Direct provision plan for new arrivals inhumane, say NGOs
Refugee council ‘deeply concerned’ about the 4,000 people already in the centres, some of who have been there for a decade
Minister Frances Fitzgerald: the Department of Justice said the refugees would only be in the centres for a number of weeks. Photograph: Dara Mac Donaill
The plan to accommodate 3,500 of the more than 4,000 expected refugees and asylum seekers in direct provision centres is “inhumane”, according to NGOs in the sector.
The Department of Justice confirmed yesterday that while the first 520 “programme refugees” committed to by Minister Frances Fitzgerald in May would be coming as part of a UNHCR resettlement programme, and accommodated in a Kildare hotel before being relocated around the State, the remaining 3,500 were coming under a different EU relocation programme.
They will be accommodated in direct provision centres. While the 3,500 relocation programme refugees could expect a decision on their asylum claim “within weeks”, many of those already in direct provision centres have been there for years.
Rachel Doyle of the Community Workers Co-operative described the plan as “inhumane” and called on the Minister to rethink this.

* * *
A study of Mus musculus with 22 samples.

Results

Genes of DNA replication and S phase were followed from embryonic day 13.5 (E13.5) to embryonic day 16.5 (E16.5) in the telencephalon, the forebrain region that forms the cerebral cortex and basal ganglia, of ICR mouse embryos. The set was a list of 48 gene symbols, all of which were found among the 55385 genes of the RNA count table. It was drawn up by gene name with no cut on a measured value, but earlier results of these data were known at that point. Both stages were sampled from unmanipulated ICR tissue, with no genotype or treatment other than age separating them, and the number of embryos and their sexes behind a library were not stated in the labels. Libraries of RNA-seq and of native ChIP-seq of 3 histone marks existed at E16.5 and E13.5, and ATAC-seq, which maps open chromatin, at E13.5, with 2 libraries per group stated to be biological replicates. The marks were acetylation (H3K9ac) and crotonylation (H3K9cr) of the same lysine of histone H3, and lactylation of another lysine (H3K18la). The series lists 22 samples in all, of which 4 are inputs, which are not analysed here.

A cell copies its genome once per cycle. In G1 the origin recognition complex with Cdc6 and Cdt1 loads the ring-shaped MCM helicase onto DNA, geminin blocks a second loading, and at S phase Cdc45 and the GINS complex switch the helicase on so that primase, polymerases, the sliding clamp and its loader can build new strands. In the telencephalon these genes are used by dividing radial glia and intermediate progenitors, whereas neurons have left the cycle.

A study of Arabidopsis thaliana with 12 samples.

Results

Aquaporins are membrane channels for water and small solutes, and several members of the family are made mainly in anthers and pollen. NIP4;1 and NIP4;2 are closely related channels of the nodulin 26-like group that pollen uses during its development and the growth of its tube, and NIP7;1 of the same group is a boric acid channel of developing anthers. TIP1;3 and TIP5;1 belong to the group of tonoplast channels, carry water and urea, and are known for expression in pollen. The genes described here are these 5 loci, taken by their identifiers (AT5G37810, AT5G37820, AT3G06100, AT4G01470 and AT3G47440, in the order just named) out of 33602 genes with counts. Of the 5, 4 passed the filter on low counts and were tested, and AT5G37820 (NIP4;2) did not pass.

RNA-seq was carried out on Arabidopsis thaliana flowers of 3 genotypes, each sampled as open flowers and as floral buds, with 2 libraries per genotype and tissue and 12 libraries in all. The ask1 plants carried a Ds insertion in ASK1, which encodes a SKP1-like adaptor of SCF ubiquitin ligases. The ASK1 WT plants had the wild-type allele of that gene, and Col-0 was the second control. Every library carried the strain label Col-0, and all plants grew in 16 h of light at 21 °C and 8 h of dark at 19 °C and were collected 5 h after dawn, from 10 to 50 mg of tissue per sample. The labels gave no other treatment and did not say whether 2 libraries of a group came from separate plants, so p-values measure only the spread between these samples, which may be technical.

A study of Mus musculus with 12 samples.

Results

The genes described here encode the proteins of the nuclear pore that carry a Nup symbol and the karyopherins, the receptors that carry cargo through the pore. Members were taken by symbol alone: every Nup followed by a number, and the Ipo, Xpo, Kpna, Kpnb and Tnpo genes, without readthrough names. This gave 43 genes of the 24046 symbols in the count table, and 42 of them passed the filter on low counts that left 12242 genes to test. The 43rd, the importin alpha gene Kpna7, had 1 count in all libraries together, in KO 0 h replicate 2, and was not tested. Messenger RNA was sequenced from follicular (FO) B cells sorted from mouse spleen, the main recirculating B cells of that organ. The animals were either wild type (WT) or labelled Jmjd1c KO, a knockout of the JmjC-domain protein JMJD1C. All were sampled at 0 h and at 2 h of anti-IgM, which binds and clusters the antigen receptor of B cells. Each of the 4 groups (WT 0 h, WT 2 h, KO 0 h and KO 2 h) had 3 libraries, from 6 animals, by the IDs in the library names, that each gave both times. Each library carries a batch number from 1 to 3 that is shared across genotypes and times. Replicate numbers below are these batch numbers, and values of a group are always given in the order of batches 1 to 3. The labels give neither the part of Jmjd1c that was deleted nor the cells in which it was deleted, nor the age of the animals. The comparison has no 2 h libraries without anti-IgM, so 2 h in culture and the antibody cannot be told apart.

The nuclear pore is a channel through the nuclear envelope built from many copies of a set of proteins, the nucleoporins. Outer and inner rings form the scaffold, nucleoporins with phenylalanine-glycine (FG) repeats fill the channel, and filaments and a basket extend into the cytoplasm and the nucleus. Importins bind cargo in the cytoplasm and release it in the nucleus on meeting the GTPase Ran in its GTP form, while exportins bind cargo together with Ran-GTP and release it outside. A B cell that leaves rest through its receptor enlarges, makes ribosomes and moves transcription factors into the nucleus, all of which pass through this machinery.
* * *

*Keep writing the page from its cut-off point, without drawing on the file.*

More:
A spokesman for the department said the refugees would only be in the centres for a number of weeks, after which if they get asylum they would be free to work and find their own accommodation, or apply for social housing.
A spokeswoman for the Irish Refugee Council said it was “deeply concerned” about the 4,000 people already in direct provision, some of who have been there for a decade.
The department said the Protection Bill, which would give effect to many of the working group’s recommendations around the legal process, would be published “in the coming weeks”. An additional budget had been allocated “to deal with the major increase in asylum applications”.
The 4,000 new refugees would need “immediate” help with integrating into unfamiliar surroundings, NGOs have said. They also stress the importance of preparing communities for their arrival as well as having a community input into the new arrivals’ welfare.
NGOs and community workers, with expertise in integration, should be included in the process.
Their ability to settle could be hampered without help with such basic things as how to use the Irish phone system, or help with making links in their communities, an Irish Red Cross spokesman said.